A DELEGATION fighting to save Malin Head Coast Guard station said they have received no firm commitment from Minister Noel Dempsey that he will reverse the decision to close the operation.
Inishowen Development Partnership (IDP) chairperson, John McCarter travelled to Dublin on Tuesday along with IDP co-manager Andrew Ward and IDP board member and local marine expert Seamus Bovaird.
Mr. McCarter said the Minister did not commit to keeping Malin Head open as a marine rescue centre.
But he said the Minister admitted to being better informed about the quality of communications and expertise at Malin Head Coast Guard Station following the meeting
"We have had no clarification on the situation but we were able to update Minister Dempsey very clearly on the suitability of Malin Head to be retained as a marine rescue centre. The Minister admitted that he was 
Inishowen Development Partnership (IDP) chairperson, John McCarter.
better informed that he had been up until now and he took onboard the points that we put to him," said Mr. McCarter.
The man who wrote the report saying Malin Head should be discontinued as a marine rescue centre, Assistant Secretary Fearon was also at Tuesday's meeting that was facilitated by Senator Cecilia Keaveney.
She said Minister Dempsey acknowledged that the delegation's defence of Malin Head was well made and he would have their points reviewed.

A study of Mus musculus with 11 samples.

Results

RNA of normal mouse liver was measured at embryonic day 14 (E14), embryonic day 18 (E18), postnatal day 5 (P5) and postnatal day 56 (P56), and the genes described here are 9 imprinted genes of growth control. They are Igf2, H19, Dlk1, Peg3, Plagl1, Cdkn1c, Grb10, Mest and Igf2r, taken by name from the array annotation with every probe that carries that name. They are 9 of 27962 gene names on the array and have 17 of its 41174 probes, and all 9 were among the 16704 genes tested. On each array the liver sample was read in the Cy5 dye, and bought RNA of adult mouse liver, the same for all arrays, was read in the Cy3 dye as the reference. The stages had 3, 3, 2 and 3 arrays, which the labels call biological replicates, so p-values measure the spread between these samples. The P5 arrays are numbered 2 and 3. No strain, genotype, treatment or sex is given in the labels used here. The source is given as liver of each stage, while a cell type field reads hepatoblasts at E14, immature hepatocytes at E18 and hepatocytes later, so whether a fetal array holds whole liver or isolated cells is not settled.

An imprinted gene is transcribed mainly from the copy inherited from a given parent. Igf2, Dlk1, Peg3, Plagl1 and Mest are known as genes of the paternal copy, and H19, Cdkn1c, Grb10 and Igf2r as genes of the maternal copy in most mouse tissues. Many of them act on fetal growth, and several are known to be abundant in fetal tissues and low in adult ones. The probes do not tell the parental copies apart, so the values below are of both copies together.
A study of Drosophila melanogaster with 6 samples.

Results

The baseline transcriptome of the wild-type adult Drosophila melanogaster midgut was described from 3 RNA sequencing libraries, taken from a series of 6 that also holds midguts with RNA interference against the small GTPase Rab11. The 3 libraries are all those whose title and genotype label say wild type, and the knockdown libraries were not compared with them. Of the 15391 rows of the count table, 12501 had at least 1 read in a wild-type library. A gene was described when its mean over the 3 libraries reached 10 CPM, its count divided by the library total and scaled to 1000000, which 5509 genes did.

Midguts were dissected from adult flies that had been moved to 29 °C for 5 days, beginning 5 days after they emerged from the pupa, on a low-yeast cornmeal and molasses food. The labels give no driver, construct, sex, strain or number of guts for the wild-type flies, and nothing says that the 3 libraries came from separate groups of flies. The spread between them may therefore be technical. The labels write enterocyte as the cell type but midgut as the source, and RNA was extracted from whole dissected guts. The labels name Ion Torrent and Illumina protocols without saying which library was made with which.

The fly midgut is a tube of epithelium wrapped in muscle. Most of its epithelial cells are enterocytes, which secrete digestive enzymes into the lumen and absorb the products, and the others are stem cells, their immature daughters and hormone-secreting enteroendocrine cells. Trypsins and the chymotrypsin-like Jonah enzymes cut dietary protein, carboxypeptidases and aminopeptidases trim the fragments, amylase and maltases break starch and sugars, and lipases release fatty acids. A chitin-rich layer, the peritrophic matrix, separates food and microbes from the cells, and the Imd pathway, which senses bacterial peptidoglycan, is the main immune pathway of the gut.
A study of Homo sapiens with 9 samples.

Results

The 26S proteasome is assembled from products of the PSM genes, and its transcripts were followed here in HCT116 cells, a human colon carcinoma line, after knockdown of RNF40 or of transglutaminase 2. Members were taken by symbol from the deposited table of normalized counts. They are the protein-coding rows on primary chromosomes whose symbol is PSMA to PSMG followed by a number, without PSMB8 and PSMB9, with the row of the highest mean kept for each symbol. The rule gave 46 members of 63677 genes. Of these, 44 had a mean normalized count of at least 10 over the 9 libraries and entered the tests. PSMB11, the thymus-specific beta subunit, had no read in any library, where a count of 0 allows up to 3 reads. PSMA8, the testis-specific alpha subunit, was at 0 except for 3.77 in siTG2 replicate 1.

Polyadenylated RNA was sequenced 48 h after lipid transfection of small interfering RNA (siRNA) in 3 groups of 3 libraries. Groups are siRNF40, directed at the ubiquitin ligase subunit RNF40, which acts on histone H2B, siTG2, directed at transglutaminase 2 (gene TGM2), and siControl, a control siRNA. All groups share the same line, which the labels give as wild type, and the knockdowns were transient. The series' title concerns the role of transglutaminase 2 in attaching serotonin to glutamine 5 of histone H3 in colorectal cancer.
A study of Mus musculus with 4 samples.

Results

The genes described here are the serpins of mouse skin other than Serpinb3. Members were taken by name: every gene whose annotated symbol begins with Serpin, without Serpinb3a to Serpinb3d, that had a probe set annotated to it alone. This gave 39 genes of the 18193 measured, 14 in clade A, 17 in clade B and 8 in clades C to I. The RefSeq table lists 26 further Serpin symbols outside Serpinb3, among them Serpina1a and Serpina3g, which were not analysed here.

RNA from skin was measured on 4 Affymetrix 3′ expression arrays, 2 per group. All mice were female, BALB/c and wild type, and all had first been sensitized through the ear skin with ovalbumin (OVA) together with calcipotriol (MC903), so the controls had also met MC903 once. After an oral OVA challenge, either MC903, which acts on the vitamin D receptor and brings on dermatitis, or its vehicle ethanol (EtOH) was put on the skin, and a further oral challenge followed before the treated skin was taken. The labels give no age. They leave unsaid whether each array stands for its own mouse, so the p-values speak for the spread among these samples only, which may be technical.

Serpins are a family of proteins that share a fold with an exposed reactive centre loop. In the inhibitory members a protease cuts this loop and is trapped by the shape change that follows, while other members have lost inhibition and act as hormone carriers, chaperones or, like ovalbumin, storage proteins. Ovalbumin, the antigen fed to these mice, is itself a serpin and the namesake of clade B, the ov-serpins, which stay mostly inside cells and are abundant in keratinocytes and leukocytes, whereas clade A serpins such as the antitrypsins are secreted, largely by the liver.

"He acknowledged that we argued our case rationally and had put effort into the response we had compiled," explained Senator Keaveney.
However, she said the Minister also made it clear he had a serious decision to make.
The Fearon Report recommends one major rescue centre, with a second backup facility. The choice of Drogheda as the location in the east was linked to the decentralisation of part of the Department of the Marine, said Senator Keaveney.
"We made a strong case that went with fact and not pure emotion for the Minister to realise the recent strides forward we have made in Inishowen.
"We placed particular emphasis on the importance of the rescue centre to our county, a county which is so reliant on marine activity but with an infrastructure to support the items identified in the Fearon Report," said Deputy Keaveney.
She added: "Minister Dempsey was left under no illusion that we were confident that we had a location of equal status to all others and therefore we were not looking for special favours but the retention of what we have.
"He undertook to come back to me on the issue once our response had been examined more closely by Assistant Secretary Fearon."